Never mind that Carmel-by-the-Sea is a quaint coastal enclave tucked somewhere between the sites and sophistication of San Francisco and Southern California. The historic little station on the way from one place to another has evolved into a world-renowned destination of its own.
This is a place to get away from it all without sacrificing the big-city offerings of art, theater, music, and dining. You can put on a black tie and take in the symphony, Bach Festival, or k.d. lang at the multimillion-dollar Sunset Cultural Center, or slip on sweats and a pair of sneakers to hike the trails of Point Lobos, window-shop, or wander the shore. You can dine at a number of four-star restaurants or eat al fresco at the beach. You can curate art, collect art, or just covet the art and artifacts among almost 90 galleries and antique shops, and you can buy anything from t-shirts to Tiffany. Even those who travel the world are unlikely to encounter another place that has so much to offer in one location.
Carmel is a community where locals and guests can abandon their cars to experience the town on foot. The walkable warren of streets whose slope is dictated by the trees, houses unnumbered storefronts and cottages, harkening back to a time when everybody knew everybody else by name. It is, in large part, still like that. In lieu of street numbers, cottages bear names as quirky as racehorses, most of which have never changed. It’s considered bad luck.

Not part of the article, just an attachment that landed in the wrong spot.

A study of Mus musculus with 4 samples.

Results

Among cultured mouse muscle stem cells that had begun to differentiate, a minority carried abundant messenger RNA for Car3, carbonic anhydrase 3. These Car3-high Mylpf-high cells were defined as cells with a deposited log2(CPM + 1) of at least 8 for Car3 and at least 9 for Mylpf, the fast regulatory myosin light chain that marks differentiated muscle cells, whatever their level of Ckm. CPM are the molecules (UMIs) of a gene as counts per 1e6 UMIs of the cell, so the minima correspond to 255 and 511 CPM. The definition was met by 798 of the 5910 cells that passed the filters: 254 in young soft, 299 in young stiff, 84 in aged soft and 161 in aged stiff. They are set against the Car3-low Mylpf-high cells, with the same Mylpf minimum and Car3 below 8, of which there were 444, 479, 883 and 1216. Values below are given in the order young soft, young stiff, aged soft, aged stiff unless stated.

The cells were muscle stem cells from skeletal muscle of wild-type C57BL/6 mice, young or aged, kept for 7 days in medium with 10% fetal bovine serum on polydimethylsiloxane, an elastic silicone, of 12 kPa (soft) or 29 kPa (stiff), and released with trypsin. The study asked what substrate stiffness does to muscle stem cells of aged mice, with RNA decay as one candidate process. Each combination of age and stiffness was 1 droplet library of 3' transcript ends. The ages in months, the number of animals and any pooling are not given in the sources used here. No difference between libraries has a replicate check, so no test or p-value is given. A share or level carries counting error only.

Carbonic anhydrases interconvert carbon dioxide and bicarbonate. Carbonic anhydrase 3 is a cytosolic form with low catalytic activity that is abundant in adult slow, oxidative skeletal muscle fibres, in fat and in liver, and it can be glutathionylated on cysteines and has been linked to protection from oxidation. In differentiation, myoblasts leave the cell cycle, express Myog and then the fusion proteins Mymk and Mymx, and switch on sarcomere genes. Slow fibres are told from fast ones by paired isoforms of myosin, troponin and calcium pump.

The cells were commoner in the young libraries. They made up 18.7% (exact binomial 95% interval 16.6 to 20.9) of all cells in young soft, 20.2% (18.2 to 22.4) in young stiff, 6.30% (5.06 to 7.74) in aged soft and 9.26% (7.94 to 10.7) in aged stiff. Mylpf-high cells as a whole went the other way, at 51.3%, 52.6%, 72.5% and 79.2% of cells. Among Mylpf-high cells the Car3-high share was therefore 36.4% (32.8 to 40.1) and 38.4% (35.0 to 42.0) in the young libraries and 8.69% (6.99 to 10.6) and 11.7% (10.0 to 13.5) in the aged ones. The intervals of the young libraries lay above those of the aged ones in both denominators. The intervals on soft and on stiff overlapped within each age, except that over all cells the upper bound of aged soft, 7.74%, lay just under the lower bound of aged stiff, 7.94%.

For locals, part-time residents, and guests, Carmel is a public resort whose membership fees depart from a range of hotel rates to some of the highest mortgages in the world. A property cresting Scenic Drive overlooking Carmel Beach that was built at the turn of the last century by M.J. Murphy originally sold for $100 with $5 down, but sold at the new millennium for $8 million. Admittedly, there had been a few upgrades along the way. As they say, it's all about location, location, location.
When the light slips into the horizon and the curtain drops on the town, guests retreat into one of Carmel's many inns and hotels, such as the legendary Pine Inn or La Playa Carmel, while others head home to their Carmel cottages.
Still, the social scene continues after dark, when lights glow from leaden-glass windows, betraying the anonymity of night in a village that rolls up its sidewalks at dusk. Guests can follow the local lead to Clint’s Mission Ranch Restaurant and lively piano bar, to the legendary Sade’s Bar, to the lounge at Cypress Inn, or to linger in the limelight of restaurants that tend to serve long after the sun has set.
Best of all, you can always walk home.